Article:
From printing press to militant ranks

From printing press to militant ranks

Srinagar: The slain Srinagar militant, Fayyaz Ahmad Hammal, was affiliated with Lashkar-e-Toiba (LeT) for the past one year and before that worked in a local printing press.
Fayaz, according to his brother Sajad Ahmad Hammal, had created a good number of clients while working in the printing press. Sajad, who was sitting in a tent that was erected on the main road outside his home at Khanqah-e-Moula, told Kashmir Reader that when his brother was working at the printing press, he would often go to Delhi. “Over the years he had created a good number of clients and would get good business,” Sajad said, adding, “I have seen my brother going to Delhi twice a week.”
Sajad said that Fayyaz told his family on March 1, 2017, that he was going to Delhi and if he manages a visa, he will go to Saudi Arabia. “When we lost correspondence with him, we went to a local police station and lodged a missing report there,” Sajad said.
“In mid-April (2017), the police station Maharaj Gunj called me and informed that my brother had joined militancy,” said Sajad. “By then his pictures on social media had appeared. We all were taken aback. As far as I knew my brother, he was not at all inclined towards militancy. I have no idea what pushed him towards militancy.”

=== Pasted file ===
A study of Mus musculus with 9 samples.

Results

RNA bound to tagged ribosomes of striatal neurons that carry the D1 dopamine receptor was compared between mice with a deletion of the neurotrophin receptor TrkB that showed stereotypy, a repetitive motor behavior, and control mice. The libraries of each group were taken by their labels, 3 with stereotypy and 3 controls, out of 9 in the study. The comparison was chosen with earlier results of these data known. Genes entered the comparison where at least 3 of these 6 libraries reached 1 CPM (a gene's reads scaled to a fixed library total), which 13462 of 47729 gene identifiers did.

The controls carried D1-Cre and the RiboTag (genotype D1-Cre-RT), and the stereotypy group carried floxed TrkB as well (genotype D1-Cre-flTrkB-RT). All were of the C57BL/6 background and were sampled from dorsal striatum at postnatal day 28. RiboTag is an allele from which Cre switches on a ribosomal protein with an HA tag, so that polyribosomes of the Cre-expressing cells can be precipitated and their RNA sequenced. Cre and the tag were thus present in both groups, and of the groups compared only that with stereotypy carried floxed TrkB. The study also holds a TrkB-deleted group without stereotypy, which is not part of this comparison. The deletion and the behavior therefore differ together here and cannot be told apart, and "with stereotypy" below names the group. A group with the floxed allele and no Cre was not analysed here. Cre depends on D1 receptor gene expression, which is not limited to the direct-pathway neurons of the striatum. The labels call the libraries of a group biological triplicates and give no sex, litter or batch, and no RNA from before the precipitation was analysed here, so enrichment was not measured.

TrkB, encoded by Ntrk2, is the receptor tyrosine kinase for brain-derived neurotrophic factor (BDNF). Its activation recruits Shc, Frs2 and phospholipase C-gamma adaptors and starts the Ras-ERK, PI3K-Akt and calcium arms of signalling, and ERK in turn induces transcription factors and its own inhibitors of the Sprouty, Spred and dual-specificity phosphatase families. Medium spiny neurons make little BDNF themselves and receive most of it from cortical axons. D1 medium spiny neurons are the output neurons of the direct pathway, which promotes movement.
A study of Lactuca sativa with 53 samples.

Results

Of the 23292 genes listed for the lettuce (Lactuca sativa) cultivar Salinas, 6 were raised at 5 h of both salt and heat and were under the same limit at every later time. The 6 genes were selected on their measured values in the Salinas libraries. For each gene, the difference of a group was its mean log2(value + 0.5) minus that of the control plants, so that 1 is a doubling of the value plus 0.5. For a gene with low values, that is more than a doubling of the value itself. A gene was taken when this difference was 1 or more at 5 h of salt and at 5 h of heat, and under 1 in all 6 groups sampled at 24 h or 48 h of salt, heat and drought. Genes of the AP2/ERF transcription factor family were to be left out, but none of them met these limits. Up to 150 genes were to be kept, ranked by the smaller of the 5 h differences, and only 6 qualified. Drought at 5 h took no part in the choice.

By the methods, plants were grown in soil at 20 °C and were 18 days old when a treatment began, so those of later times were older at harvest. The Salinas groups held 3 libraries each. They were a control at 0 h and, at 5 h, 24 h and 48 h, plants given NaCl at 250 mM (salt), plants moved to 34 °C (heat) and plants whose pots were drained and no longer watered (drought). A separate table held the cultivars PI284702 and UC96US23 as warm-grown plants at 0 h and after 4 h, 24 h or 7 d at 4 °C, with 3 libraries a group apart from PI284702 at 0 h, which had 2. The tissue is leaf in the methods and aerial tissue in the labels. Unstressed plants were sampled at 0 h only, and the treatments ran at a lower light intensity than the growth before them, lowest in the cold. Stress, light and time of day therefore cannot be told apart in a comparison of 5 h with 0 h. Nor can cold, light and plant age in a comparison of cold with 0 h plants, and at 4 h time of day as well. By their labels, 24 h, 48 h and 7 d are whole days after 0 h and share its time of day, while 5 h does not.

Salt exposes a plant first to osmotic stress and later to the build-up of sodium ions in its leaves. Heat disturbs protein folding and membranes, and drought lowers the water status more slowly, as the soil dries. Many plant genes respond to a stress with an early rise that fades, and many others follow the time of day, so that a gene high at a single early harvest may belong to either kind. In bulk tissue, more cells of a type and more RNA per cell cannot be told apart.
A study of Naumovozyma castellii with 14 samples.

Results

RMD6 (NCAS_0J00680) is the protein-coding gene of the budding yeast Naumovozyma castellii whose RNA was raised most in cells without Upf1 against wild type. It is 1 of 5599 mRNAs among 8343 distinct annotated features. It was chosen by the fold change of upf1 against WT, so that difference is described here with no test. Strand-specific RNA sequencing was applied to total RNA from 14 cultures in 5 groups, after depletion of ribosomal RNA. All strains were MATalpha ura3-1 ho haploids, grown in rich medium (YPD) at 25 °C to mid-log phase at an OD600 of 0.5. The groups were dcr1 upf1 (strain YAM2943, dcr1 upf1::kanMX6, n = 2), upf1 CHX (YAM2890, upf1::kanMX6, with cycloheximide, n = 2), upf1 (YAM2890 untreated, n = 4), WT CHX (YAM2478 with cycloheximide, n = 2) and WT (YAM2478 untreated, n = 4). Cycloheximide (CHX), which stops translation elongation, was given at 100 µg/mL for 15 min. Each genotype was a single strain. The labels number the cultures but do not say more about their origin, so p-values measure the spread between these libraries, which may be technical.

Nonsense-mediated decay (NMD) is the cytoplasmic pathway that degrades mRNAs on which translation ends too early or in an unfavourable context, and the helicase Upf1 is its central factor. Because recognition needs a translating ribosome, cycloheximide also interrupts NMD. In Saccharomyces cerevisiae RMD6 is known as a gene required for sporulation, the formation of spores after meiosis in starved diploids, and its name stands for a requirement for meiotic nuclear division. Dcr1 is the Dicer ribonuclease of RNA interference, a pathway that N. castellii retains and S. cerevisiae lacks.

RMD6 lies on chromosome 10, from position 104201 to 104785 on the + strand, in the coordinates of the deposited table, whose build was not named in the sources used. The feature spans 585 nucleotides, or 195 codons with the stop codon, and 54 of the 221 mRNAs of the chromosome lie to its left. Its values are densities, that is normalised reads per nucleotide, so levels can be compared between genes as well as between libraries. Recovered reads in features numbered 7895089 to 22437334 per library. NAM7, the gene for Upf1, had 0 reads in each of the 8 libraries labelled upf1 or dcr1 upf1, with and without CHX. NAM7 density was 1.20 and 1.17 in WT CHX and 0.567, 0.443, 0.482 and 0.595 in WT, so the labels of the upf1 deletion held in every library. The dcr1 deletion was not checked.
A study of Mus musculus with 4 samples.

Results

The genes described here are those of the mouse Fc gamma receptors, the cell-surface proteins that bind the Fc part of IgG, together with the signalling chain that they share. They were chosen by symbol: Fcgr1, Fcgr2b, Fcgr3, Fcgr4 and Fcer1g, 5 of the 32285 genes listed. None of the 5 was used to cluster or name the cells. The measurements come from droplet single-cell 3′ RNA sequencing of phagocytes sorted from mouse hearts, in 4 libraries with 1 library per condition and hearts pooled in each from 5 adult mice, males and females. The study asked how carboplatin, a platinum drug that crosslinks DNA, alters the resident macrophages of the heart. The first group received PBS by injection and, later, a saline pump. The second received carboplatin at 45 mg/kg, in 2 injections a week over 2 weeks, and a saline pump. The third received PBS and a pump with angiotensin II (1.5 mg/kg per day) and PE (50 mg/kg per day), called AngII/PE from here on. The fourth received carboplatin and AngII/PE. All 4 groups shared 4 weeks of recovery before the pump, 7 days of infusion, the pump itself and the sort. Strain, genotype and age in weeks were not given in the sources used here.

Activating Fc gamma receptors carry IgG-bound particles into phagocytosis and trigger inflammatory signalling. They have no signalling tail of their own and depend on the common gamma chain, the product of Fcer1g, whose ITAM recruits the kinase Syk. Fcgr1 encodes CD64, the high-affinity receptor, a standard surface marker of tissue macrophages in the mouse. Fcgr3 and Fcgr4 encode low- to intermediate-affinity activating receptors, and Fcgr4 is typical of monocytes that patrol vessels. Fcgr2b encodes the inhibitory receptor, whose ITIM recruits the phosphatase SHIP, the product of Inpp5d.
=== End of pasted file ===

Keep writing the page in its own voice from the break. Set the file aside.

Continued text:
He added, “We were waiting for our brother to return from Delhi.”
Sajad said that soon after pictures of Fayaz appeared on social media, his mother’s health worsened.
Asked whether the family regrets Fayaz’s decision of joining militant ranks, Sajad said, “I am proud that my brother chose a death that is close to Allah and that, too, for the sacred cause of Kashmir. I pray that I meet my brother in the hereafter.”
Sajad further said that his brother wished to be buried in the martyrs’ graveyard at Eidgah. “He would say, even if I die a normal death, please beg people that I should be buried in the martyrs’ graveyard,” Sajad said.
“As Fayaz was very religious, he would always talk about death and the hereafter. I remember in January 2017 we were sitting in our kitchen when he told mother that he had a dream that he should be buried in the martyrs’ graveyard, even if we have to beg for it,” Sajad said.
Sajad said their father passed away in the year 1999. Since then, the elder brother Mehraj ud Din and Fayyaz began to take care of the family.
“Mehraj bhaijan would do daily-wage work, and Fayaz would work as a salesman in a nearby shop. The duo was the source of income for our family,” Sajad said.
He said that Fayyaz was like a father to him. “I have lost everything. Ask a brother what it means to shoulder the coffin of his elder brother. It is beyond pain and courage. As siblings we were very close. The only thing that would upset Fayyaz bhai was if anyone in the family would miss prayers. He was very strict when it came to religion,” Sajad said.